The leading economic indicators—which serve as the foundation of massively important political and economic decisions—can frustrate even the wisest economists. They quibble over whether the payroll or establishment employment numbers make more sense and wonder whether consumer confidence figures measure anything more than sentiment. The figures of the gross national product are consistently revised.
As part of a new (extremely modest) effort to bring clarity to the bewildering maze that is the global economy, Moneybox is launching a search for obscure economic indicators. While less followed and hyped than their more famous brethren, OEIs may nonetheless provide insight into certain sectors of the U.S. and global economies. This column will be the first in an occasional series about these odd but helpful numbers.
Today's OEI: the Baltic Dry Index.
Baltic Dry isn't a Latvian deodorant or an Estonian cocktail. Rather, it's a number issued daily by the London-based Baltic Exchange, which traces its roots to the Virginia and Baltick coffeehouse in London's financial district in 1744.
Every working day, the Baltic canvasses brokers around the world and asks how much it would cost to book various cargoes of raw materials on various routes—150,000 tons of iron ore going from Australia to China or 150,000 tons of coal from South Africa to Taiwan. Brokers are also asked to consider variables such as the type and speed of the ship and the length of the voyage.
The answers are melded into the BDI, which appears in shipping publications such as Lloyd's List and on the screens of information vendors such as Reuters and Bloomberg. Because it provides "an assessment of the price of moving the major raw materials by sea," as the Baltic puts it, it provides both a rare window into the highly opaque and diffuse shipping market and an accurate barometer of the volume of global trade.
The BDI is a good leading indicator for economic growth and production. After all, it doesn't deal with container ships carrying finished goods. It deals with the precursors to production: bulk carriers carrying building materials, cement, grain, coal, and iron. Unlike stock and bond markets, the BDI "is totally devoid of speculative content," says Howard Simons, an economist and columnist at TheStreet.com. People don't book freighters unless they have cargo to move.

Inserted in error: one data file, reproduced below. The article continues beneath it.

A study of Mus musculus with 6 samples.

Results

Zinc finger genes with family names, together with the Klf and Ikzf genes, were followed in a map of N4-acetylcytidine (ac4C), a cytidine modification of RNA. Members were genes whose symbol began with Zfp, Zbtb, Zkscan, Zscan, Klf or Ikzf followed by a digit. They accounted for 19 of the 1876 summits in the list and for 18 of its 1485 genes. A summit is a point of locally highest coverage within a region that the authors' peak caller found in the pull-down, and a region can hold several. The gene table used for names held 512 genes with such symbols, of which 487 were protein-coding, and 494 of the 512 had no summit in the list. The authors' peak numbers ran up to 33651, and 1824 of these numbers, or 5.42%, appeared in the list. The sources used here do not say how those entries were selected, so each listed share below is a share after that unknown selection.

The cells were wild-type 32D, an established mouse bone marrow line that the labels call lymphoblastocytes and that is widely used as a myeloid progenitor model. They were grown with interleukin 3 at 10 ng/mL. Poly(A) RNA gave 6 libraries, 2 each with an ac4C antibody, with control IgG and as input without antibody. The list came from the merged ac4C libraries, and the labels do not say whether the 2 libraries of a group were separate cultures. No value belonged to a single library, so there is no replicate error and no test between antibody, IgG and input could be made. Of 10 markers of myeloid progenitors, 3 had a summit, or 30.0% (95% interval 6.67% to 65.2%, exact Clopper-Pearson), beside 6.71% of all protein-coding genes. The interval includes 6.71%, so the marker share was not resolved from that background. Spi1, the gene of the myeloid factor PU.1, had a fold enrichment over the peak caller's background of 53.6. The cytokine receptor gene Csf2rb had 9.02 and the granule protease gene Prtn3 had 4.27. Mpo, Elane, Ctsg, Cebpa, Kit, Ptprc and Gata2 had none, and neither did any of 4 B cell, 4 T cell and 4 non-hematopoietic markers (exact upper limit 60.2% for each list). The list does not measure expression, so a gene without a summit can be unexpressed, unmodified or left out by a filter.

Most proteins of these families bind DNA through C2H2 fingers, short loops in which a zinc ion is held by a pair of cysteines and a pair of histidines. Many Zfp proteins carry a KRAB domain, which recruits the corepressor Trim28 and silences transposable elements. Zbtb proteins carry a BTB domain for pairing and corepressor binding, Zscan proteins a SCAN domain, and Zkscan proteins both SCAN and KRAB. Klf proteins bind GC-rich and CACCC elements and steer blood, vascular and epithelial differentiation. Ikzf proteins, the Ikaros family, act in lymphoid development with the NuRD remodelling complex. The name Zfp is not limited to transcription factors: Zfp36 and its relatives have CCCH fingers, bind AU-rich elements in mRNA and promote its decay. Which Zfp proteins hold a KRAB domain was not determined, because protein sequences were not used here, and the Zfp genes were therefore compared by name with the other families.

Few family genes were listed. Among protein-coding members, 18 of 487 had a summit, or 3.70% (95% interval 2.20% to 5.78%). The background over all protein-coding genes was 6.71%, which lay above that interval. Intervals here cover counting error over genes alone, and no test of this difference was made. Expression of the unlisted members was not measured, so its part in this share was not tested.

Because the supply of cargo ships is generally both tight and inelastic—it takes two years to build a new ship, and ships are too expensive to take out of circulation the way airlines park unneeded jets in the Arizona desert—marginal increases in demand can push the index higher quickly. And significant increases in demand can push the index sharply higher. That's precisely what happened earlier this fall. As this chart shows, the Baltic Index doubled in September and October—an unprecedented jump.
Does this chart represent a Nasdaq-style bubble or a demand-led structural change? The summer did see a pick-up in coal and grain shipments to Europe, due to the heat wave, and China's humming steel factories are consuming massive quantities of iron ore. Those could be blips. "But it's not just iron ore and coal," says Michael McClure, vice president of Navios, a ship broker. "The strength can be seen among all the major commodities that ocean freight is carrying."
The real force behind the BDI's rise may be China. "To put it in extremely simplistic terms, China is importing huge amounts of raw materials and exporting manufactured goods, and that's drawing ships into the Pacific," says Jim Buckley, chief executive of the Baltic Exchange. The Wall Street Journal led today's "Money and Investing" section with an article on China's insatiable demand for raw materials. The Baltic index divined this trend several weeks ago.